Streamlining Incident Response: Why More Isn’t Always Better

If you’ve ever gone shopping for cybersecurity products, you’re aware of the vast amount and variety of products that are available. In most cases, the question isn’t if a solution exists for a certain problem, it’s which solution you would prefer, the best vendor, etc. With a limited security budget, the biggest challenge is choosing which products to purchase.

When making these decisions, some answers are easy. If your organization has web applications and stores or processes sensitive or valuable data, a web application firewall (WAF) and data leak prevention (DLP) solution are essential. However, beyond these, every additional device purchased requires more man hours to properly monitor. Understanding the challenges of incident response is essential to making the right choices when going shopping for cyber.

Inside Incident Response

In incident response, the further you go in the process, the more expensive it is for your organization. Ideally, you’d love the attackers to just give up and go away, but if that doesn’t work, the next best thing is for your defenses to be impenetrable and leave them scratching their heads on how to get inside. If the hackers manage to penetrate your network, the costs and other impacts to your organization mostly depend on how long they’re inside causing trouble before you find them and send them packing.

Unfortunately, most hackers are in it for the long haul. Data is “the new oil”, and stealing and reselling data is a good way to make a profit (especially since they can sell the same data to multiple customers). Hackers tend to go for the “low hanging fruit” (it’s more cost-effective), so taking actions to defend your network, like performing penetration testing and deploying defenses like WAFs and DLP solutions, are a good idea.

Unfortunately, the hackers will eventually get into any network. As a defender, you have the unenviable job of closing every potential vulnerability in your network defenses, but an attacker only has to find one exploitable vulnerability in order to get inside and start causing trouble. You can have the best defenses in the world, but the one phishing email that slips through and is clicked on by an unwitting employee means there’s malware in your network.

At this point, you’re at the detection stage of the process. The faster that you find and eliminate the threat, the lower the hit on your bottom line. Unfortunately, this is where many organizations fall down in incident response. The average dwell time (or time from initial compromise to detection) is 78 days, meaning an attacker probably has complete access to your network for a couple of months before you catch a whiff of them.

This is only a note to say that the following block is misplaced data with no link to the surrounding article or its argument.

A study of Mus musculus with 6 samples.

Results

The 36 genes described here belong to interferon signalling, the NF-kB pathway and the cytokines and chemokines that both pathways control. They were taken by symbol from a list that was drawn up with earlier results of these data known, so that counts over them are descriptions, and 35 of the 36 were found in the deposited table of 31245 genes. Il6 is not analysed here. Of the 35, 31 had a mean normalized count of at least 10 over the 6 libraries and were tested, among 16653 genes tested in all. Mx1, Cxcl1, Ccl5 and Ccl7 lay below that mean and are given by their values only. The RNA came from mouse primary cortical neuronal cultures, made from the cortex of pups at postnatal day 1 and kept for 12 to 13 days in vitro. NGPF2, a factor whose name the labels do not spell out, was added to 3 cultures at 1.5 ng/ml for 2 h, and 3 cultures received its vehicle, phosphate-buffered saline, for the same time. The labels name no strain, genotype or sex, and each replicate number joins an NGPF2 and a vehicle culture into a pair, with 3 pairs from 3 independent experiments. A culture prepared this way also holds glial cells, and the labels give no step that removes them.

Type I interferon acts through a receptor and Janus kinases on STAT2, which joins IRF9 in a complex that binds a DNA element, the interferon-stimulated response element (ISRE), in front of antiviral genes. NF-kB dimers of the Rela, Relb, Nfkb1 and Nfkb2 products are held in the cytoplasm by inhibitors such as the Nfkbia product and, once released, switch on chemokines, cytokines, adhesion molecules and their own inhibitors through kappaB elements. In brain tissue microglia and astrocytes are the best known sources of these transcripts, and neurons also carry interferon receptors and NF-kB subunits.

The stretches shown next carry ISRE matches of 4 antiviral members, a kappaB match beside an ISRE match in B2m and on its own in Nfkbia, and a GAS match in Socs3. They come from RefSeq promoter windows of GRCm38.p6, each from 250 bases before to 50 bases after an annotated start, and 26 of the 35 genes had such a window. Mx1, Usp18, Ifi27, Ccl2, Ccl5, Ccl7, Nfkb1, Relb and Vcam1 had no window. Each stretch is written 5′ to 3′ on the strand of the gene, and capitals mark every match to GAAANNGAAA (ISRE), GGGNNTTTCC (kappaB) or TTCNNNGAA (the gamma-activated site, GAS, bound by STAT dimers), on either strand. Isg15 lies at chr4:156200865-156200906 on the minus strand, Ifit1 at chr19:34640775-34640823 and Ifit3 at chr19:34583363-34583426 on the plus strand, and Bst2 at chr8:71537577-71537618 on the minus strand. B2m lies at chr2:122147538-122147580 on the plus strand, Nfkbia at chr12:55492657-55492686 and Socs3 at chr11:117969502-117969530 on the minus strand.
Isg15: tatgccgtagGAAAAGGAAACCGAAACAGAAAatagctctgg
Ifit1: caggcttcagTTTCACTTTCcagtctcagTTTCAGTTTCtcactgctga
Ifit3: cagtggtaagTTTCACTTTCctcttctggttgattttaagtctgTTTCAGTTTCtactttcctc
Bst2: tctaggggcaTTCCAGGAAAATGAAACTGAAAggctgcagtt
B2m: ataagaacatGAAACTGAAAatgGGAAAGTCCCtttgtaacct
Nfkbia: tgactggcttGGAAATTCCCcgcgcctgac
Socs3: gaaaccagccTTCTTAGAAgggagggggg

The Incident Response Challenge

Why is this dwell time number so high? It seems crazy that it would take months before you notice an attack. The simple answer is that incident response is really, really hard. Hackers are experts at what they do, and what they do is break into organization’s networks and cover their tracks. The problem is complicated further by the fact that there is a wide variety of possible attacks and attack vectors that they can use.

On the one hand, some attackers specialize in flying under the radar. In many cases, they’re in no particular hurry, so taking days or weeks or even months to perform a scan of your network and find vulnerabilities is no big deal. Many intrusion detection systems work based upon event correlation: a single oddity is considered an anomaly but multiple anomalies may mean an attack. If these anomalies all happen close together, an alert goes out, but if they’re spaced over hours or days, they slip on by. While it’s possible to configure systems to report on every possible anomaly, your incident response team is going to drown in false alarms and probably miss the real attack since they’re too busy with a thousand wild goose chases.

On the other hand, other attackers don’t care about subtlety. These are the Distributed Denial of Service (DDoS) and ransomware attackers, who are perfectly willing to let you know that you’re under attack but willing to stop for a fee. These attacks require a different approach and different tools than the previous type in order to maintain operations.

Worse, some attackers are rude enough to take both approaches at once. They’ll use a DDoS attack as a distraction, knowing that you’ll be so busy running around trying to fix the problem to notice them slipping malware into and data off of your systems. If you allow the DDoS to distract you, you may not know about the data loss until the story hits the headlines.

Picking the Right Tools

The bottom line is that you can’t afford every cybersecurity toy out there and will have to make some hard choices. Before going shopping, it’s important to take a good look at your organization and the most likely threats to your business. Your network security team can only look at some many dashboards and process so much information, so choosing tools that integrate well and ease the load on them is essential if you’re going to get your money’s worth out of them (too many alerts is just as bad as too few). Pick out the solutions that you need the most so that you have the ability to catch that hacker trying to sneak in malware under the cover of a DDoS attack.